A dependent bean sets up some listeners and passes them autowired services.

I want to test that the listeners are present, but not call them, so I want to pass 'null' instead of the autowired service. (specifically: I do not have setters ...)

@Autowired
SomeService1 service1

@Autowired
SomeService2 service2


public List getListeners() {
  List l = new ArrayList();
  l.add(new AaaListener(service1));
  l.add(new BbbListener(Service2));
  return l;
}

@Test
public void testListeners() {
  int exptecedSize = 2;

  sut.doSomething();

  List l = sut.getX().getY().getListeners()

  assertEquals(expectedSize,l.size());
}

Note that the SUT does depend indirectly from the class that returns the listeners.

Since this is a very small example from a big setting, I do specifically do not want to use mocks here as I want to test only presence not behavior of the listeners.

Mocking 20 or 30 of such services will slow down the tests massively.

Question: What is the easiest way to inject these nulls into the autowired instance variables?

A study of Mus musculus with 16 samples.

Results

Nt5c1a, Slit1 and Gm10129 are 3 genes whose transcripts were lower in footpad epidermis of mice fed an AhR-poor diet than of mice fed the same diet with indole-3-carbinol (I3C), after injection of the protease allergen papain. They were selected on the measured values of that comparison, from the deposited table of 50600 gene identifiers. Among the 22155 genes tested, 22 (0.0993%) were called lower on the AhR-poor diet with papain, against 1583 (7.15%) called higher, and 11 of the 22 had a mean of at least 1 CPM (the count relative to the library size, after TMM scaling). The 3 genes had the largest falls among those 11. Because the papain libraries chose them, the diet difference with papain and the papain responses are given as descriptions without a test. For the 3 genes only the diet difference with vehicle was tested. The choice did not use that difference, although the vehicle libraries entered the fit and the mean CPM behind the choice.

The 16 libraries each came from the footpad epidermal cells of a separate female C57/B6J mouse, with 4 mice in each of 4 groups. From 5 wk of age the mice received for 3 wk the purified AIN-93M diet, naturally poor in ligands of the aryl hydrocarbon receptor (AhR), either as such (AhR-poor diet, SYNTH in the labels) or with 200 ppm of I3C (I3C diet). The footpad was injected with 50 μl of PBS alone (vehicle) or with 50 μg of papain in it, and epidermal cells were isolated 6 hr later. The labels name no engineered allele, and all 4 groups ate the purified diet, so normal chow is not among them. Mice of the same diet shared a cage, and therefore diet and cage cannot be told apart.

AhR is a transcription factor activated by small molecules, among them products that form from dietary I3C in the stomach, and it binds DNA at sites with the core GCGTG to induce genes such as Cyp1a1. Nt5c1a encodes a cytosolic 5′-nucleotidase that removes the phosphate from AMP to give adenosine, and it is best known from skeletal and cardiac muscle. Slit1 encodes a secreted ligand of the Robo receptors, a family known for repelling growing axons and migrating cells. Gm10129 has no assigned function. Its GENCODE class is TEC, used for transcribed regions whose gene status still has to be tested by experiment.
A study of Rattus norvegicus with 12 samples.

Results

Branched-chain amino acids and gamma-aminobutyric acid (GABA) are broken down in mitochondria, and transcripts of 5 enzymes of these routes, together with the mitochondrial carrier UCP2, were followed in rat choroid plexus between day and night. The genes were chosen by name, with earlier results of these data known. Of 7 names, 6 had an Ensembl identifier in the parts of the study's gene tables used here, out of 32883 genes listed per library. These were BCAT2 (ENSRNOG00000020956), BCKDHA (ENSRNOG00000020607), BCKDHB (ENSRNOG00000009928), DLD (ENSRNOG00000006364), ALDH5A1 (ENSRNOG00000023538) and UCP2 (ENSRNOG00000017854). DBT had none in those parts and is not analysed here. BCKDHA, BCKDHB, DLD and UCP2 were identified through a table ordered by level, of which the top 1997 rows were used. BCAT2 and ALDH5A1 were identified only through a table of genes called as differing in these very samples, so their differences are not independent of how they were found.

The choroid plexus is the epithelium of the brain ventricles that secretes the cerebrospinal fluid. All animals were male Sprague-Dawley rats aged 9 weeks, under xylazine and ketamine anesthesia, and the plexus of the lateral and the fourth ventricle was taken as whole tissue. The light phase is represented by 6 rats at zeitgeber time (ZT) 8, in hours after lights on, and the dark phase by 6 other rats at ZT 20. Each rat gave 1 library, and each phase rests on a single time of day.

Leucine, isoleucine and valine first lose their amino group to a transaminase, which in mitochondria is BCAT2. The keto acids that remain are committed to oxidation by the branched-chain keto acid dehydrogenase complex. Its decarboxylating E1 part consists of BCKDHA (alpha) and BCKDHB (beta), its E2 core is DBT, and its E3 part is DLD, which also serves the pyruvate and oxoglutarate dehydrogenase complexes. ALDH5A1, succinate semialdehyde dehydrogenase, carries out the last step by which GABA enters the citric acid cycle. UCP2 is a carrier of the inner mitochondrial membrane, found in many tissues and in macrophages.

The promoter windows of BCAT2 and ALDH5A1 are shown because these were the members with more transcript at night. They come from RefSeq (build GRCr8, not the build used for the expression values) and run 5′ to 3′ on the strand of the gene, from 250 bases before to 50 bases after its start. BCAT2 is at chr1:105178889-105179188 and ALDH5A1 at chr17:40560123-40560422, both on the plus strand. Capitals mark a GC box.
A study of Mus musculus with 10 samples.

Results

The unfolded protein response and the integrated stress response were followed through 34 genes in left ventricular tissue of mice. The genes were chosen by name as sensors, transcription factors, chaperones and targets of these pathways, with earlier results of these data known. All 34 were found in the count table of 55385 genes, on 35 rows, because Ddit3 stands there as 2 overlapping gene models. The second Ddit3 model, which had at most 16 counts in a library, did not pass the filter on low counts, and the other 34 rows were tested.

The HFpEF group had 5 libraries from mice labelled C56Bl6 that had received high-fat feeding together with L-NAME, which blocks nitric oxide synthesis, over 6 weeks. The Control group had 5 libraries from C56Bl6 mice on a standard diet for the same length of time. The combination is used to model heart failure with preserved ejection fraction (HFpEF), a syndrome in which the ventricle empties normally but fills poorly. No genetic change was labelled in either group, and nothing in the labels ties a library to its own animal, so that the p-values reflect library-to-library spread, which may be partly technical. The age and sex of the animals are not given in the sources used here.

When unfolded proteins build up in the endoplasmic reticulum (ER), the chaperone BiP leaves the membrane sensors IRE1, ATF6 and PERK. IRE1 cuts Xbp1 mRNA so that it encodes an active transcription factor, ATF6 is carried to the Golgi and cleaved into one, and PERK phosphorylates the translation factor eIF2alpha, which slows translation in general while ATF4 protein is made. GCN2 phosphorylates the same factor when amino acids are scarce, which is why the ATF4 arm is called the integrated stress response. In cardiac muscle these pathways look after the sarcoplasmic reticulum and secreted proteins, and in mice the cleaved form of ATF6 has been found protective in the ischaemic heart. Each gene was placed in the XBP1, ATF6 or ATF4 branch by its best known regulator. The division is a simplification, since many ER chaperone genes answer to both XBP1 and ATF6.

A) Add setters ?

B) ReflectionUtils ?

C) java-config + @Beans + return null ?

1

They're already null when the class is instantiated ... or are you actually running them in a spring context?

You can set properties to null in the xml config like this (from the documentation)

<bean class="ExampleBean">
    <property name="email"><null/></property>
</bean>
  • Yes, they are in an autowired spring context. I have roughly 100 Beans to setup manually for the test and I do not get a grip on it. I am quite reluctant to write a spring.xml from ground-up ... – Bastl May 3 '13 at 8:54
  • Why can't you just have them injected with whatever implementation exists? – blank May 3 '13 at 9:41
  • it's too big: hundreds of spring.xmls, thousands of beans, mixed architectural styles ... :-/ – Bastl May 3 '13 at 11:00
1
  1. Don't use the Spring context and create the class manually
  2. Use ReflectionTestUtils to set the field. ReflectionTestUtils allows for the setting of private fields where ReflectionUtils does not.